Date of Award

2020

Degree Type

Thesis

Degree Name

Master of Science in Civil and Environmental Engineering

Specialization

Civil Engineering

Department

Civil and Environmental Engineering

First Advisor

Aaron S. Bradshaw

Abstract

With the emergence of the offshore wind energy sector in the United States with the Block Island Wind Farm, and future commitments to offshore wind development, understanding of the impacts the environmental loads have on these structures is important in predicting their performance. In the case of offshore wind structures with pile-supported jacket systems, such as at the Block Island Wind Farm, the wind, wave, and current loads cause overturning moments that are resisted by the axial capacity of the supporting piles.

These environmental loads, present in the form of cyclic loads varying in magnitude with time, are hypothesized to cause a loss of capacity of the supporting piles through a process known as cyclic degradation. Another factor to consider is the loss of expected pile capacity during installation due to disturbances in the soil strength in a process known as friction fatigue. However, after installation, piles are known to increase in capacity with time due to pile-soil shear band setup and aging. The objective of this investigation is to evaluate the effects of these factors on model piles driven in a coastal environment, and while subjected to cyclic axial loads on the order of 104 0.125 Hz frequency cycles, similar to 0.1 Hz frequency that would be placed on a wind turbine from wave loading (Jardine et al., 2012). The research conducted in this study is part of a larger study involving the United States’ Bureau of Ocean Energy Management (BOEM), the Norwegian Geotechnical Institute (NGI), and the University of Texas at Austin.

In this investigation, a hydraulic load control system was developed, and paired with a standard tensile load frame setup to apply monotonic and cyclic loads. The testing schedule consisted two sets of three pile tests, approximately one-week and ten-weeks after installation, to evaluate the effects of friction fatigue, setup, and cyclic degradation.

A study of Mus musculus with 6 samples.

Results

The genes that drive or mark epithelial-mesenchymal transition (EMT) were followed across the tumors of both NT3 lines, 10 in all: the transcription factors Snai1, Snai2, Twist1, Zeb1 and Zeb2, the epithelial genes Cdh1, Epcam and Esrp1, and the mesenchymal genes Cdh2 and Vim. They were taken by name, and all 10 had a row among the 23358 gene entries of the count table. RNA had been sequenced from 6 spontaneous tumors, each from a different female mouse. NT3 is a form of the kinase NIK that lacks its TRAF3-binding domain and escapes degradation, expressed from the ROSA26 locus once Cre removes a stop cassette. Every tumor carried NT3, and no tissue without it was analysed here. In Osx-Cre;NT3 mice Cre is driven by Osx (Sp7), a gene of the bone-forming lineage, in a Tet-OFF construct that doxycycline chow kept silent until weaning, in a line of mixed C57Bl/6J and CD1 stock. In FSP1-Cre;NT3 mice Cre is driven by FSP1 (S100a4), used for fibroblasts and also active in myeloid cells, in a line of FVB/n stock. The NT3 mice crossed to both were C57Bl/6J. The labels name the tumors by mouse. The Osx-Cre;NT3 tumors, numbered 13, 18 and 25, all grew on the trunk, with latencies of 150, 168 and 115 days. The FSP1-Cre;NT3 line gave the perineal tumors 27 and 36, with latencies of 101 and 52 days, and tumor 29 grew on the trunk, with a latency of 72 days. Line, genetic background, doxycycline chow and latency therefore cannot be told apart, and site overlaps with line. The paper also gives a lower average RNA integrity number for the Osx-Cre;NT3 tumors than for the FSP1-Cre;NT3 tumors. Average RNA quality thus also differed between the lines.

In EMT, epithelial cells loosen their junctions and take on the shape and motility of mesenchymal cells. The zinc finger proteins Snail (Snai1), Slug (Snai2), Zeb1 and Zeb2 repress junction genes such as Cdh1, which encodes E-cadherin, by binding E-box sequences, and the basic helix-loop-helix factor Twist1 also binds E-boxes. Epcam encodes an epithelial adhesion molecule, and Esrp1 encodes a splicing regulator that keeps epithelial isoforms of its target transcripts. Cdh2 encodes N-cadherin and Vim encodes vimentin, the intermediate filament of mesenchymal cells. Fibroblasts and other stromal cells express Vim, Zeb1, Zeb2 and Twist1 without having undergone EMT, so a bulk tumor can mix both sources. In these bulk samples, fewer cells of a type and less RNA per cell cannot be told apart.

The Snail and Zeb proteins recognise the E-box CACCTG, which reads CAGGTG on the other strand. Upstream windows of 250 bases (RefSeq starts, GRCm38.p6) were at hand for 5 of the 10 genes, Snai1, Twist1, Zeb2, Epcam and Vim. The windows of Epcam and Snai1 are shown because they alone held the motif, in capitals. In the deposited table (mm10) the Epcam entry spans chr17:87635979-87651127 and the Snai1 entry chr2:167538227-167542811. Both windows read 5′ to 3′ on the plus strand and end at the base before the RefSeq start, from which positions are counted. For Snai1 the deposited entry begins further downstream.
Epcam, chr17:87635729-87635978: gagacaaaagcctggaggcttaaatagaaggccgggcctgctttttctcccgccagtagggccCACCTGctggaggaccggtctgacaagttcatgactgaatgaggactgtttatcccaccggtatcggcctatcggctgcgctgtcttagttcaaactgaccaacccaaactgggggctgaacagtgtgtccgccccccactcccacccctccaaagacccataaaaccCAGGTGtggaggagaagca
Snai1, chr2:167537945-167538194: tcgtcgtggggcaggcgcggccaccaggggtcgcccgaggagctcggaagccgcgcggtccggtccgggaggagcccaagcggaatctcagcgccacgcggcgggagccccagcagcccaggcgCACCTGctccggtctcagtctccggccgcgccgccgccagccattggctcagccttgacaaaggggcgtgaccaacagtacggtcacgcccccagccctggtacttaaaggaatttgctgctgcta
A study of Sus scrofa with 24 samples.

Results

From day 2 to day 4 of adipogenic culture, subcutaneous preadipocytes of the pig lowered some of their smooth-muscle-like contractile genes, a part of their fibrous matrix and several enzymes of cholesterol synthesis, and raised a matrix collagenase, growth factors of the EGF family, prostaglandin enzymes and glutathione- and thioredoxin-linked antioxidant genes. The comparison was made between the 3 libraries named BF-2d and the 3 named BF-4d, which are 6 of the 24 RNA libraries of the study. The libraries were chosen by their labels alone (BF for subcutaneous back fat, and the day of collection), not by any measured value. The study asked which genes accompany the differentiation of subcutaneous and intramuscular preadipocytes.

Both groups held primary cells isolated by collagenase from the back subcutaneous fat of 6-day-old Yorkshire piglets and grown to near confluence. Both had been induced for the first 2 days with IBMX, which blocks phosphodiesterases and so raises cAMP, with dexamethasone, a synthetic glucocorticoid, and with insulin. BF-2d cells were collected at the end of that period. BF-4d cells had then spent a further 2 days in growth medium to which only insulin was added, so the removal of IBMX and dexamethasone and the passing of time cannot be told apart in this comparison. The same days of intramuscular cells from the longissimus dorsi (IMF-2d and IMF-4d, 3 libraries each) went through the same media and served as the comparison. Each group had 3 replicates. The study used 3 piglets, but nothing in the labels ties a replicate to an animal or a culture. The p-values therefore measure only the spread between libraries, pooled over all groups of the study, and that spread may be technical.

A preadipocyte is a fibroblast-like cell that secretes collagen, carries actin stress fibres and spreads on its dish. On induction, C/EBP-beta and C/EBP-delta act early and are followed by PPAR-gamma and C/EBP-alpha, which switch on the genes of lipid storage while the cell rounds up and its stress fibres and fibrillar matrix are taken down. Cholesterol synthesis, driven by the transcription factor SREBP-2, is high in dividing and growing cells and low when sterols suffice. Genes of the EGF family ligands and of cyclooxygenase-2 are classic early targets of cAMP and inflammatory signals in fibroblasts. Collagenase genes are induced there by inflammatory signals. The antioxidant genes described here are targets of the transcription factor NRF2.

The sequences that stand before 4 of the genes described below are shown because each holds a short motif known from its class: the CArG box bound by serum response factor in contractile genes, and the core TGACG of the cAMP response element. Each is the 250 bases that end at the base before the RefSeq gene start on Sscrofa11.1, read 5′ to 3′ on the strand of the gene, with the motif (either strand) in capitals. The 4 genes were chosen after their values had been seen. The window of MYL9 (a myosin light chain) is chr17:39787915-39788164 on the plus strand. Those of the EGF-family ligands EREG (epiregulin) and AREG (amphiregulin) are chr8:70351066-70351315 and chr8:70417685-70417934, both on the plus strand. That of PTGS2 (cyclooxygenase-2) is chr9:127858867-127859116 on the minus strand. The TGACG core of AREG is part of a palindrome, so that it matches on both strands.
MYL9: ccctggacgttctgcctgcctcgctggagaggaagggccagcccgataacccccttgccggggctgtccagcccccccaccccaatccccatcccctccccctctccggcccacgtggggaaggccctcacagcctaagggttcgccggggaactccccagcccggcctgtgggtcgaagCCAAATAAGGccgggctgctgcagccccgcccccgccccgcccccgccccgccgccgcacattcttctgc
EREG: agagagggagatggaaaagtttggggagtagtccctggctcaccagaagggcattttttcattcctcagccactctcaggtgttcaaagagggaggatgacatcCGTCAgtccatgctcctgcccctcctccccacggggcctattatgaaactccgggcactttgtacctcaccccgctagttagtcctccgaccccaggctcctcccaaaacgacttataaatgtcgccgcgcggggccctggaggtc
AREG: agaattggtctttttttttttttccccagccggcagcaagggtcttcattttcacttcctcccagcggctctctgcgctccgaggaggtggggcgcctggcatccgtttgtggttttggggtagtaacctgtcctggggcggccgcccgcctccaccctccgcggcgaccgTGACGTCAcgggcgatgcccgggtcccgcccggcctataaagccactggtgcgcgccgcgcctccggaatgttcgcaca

It was found during the one-week (short-term) testing that the piles may have encountered “smooth” interface-soil conditions, aligning with maintained post-cyclic monotonic capacities between sets of tests. Furthermore, interface roughness testing on a pile installed 39 days at the site showed considerable increases in roughness in the intertidal zone, which may have produced some “rough” dilative post-cyclic monotonic performance.

In terms of capacities, one-week strength results determined that the test piles surprisingly presented a pure monotonic capacity an order of magnitude lower than predicted amounts from CPT based correlations, most likely due to installation friction fatigue effects. Low-level cyclic loading at a similar time after installation determined a post-cyclic monotonic capacity of three times higher than the pure monotonic capacity, and outside the realm of site variability. This leads to the conclusion that cyclic loading after significant amounts of friction fatigue causes a densification of the shear band towards minimum void ratio levels, producing a stronger dilative post-cyclic monotonic response.

Taking into account the aging response, the pure monotonic long term (ten-week) test results show that the capacity of the site piles increased along a linear scale with respect to logarithmic time. In terms of long-term cyclic test results, the rate of capacity increase over monotonic strength on nearby piles was much lower, indicating aging strengthened the soil-pile system in a manner similar to short-term cycling. It was determined that the maximum rate of capacity increase for the long-term cyclic tests were similar, whether the ultimate loads were presented in cyclic or post-cyclic monotonic form. No cyclic degradation of capacity was noted throughout the tests, except when mobilized displacements had been already produced cyclically.

Share

COinS
 
 

To view the content in your browser, please download Adobe Reader or, alternately,
you may Download the file to your hard drive.

NOTE: The latest versions of Adobe Reader do not support viewing PDF files within Firefox on Mac OS and if you are using a modern (Intel) Mac, there is no official plugin for viewing PDF files within the browser window.